Hello, arena

Good day, sir: On opening night at the Golden 1 Center, Paul McCartney asked the more than 15,000 people in the audience where they were from.


Yeah, there was decent applause for Sacramento.

Not from Sacramento, “but nearby”?


Not from anywhere near Sacramento at all?

Sizable. Arguably greater than Sacramento proper.

“Well, on behalf of the tourists board, I welcome you,” he said.

It was one moment in a nearly three-hour set that showed McCartney still rocks the charm at age 74. In between songs, he shimmied, wiggled and shook his hips to the glee of fans holding such clever signs as, “I’ll still love you in 40 years when I’m 64.”

And sure, his age showed a bit in creaky high notes and typically powerful vocal displays, but McCartney steadfastly remains a must-see legend. His set spanned his career, starting with 1958’s “In Spite of All the Danger,” from his pre-Beatles days, to 2015’s “FourFiveSeconds,” his collaboration with Rihanna and Kanye West. In between, he kept the Beatles hits coming: “A Hard Day’s Night” felt like a particularly joyous way to kick off the arena; “Blackbird” saw him rise toward those in the nosebleeds; “Let it Be” brought at least one nearby man to tears, and certainly he wasn’t alone; and “Something” was sung in painful, stark beauty as a tribute to George Harrison.

The only oddity was McCartney’s electro-pop song “Temporary Secretary” from 1980, which felt terribly outdated. The blue blazer looks great on McCartney, but not any attempts to be edgy. Ditto the slinky woman dancing sexily on the screen behind him for one song.

Much better—and more touching—were the old photos of McCartney and the Beatles during particularly heartfelt songs. Golden 1 Center certainly has the capacity to deliver some spectacles in the future: McCartney brought a light show at times worthy of a rave as well as stunningly loud pyrotechnics. More importantly, the sound quality is a big upgrade over Arco Arena.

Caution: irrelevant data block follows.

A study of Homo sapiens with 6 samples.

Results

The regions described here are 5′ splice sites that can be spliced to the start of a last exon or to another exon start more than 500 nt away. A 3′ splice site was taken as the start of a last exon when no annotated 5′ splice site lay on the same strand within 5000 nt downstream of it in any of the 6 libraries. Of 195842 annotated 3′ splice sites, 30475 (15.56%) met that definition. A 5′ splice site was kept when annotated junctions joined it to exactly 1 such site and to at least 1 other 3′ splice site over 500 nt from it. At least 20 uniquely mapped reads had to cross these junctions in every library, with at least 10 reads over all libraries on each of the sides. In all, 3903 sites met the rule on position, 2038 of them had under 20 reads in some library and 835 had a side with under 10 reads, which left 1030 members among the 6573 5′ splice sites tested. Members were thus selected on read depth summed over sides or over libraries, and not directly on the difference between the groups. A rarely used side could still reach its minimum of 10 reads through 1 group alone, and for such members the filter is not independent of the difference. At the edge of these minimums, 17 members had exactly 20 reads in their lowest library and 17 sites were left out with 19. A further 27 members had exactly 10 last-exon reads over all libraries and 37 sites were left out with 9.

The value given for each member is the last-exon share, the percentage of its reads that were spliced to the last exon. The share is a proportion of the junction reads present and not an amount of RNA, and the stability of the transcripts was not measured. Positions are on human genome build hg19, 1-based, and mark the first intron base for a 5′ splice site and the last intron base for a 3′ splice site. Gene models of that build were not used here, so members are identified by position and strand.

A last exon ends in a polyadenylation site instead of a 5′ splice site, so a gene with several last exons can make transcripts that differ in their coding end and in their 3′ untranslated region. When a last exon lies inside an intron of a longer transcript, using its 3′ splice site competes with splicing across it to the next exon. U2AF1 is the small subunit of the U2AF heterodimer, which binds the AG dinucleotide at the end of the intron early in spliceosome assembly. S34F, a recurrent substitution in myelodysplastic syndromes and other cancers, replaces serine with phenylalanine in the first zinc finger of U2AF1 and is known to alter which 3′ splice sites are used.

Fans started gathering outside 90 minutes before the 8 p.m. starting time, buzzing with anticipation. They posed for photos outside before glancing at Piglet, the Jeff Koons sculpture in the plaza’s center. One by one, they said “8 million dollars?!” either with a tinge of shock, anger, confusion or disgust.

Still, by the end of the night, no one was talking about Piglet. Street performers provided the beat as the enormous mass of people flooded out onto K street, still high from the show and filing into neighboring bars. The air felt a little different. Sacramento has indeed entered a new era—of major downtown concerts, at least.

Maroon 5 plays the arena next on Saturday, October 15.

Bay Area boutique fest: What will Treasure Island Music Festival be without Treasure Island?

Luckily, we don’t have to find out just yet. The 10th annual edition, taking place Saturday, October 15, and Sunday, October 16, will be its last on the island.

However, festivalgoers won’t get to marvel at fabulous views of the San Francisco skyline per usual. Thanks to a multimillion-dollar construction project, Another Planet Entertainment had to move its event to the other side of the island.

The good news? The East Bay looks pretty cool too, and for the first time, there will be free shuttle service from the West Oakland Bart station in addition to the typical spot in downtown San Francisco.

The other good news? Treasure Island’s major benefits—like the lack of overlapping sets and quality selection of rock, electronic and hip-hop acts—are still intact. And what better way to close out this decade of memories than with a sure-to-be-magical set by Icelandic band Sigur Rós?

Other lineup highlights: Rapper Ice Cube headlines on Saturday, supported by synth singer Zhu, British rockers Glass Animals and deejay Duke Dumont. On Sunday, British producer James Blake and synth-pop duo Purity Ring perform, along with Sacramento-born chillwave act Tycho.

Two-day tickets cost $179.50 and single days cost $105. Get them at http://treasureislandfestival.com.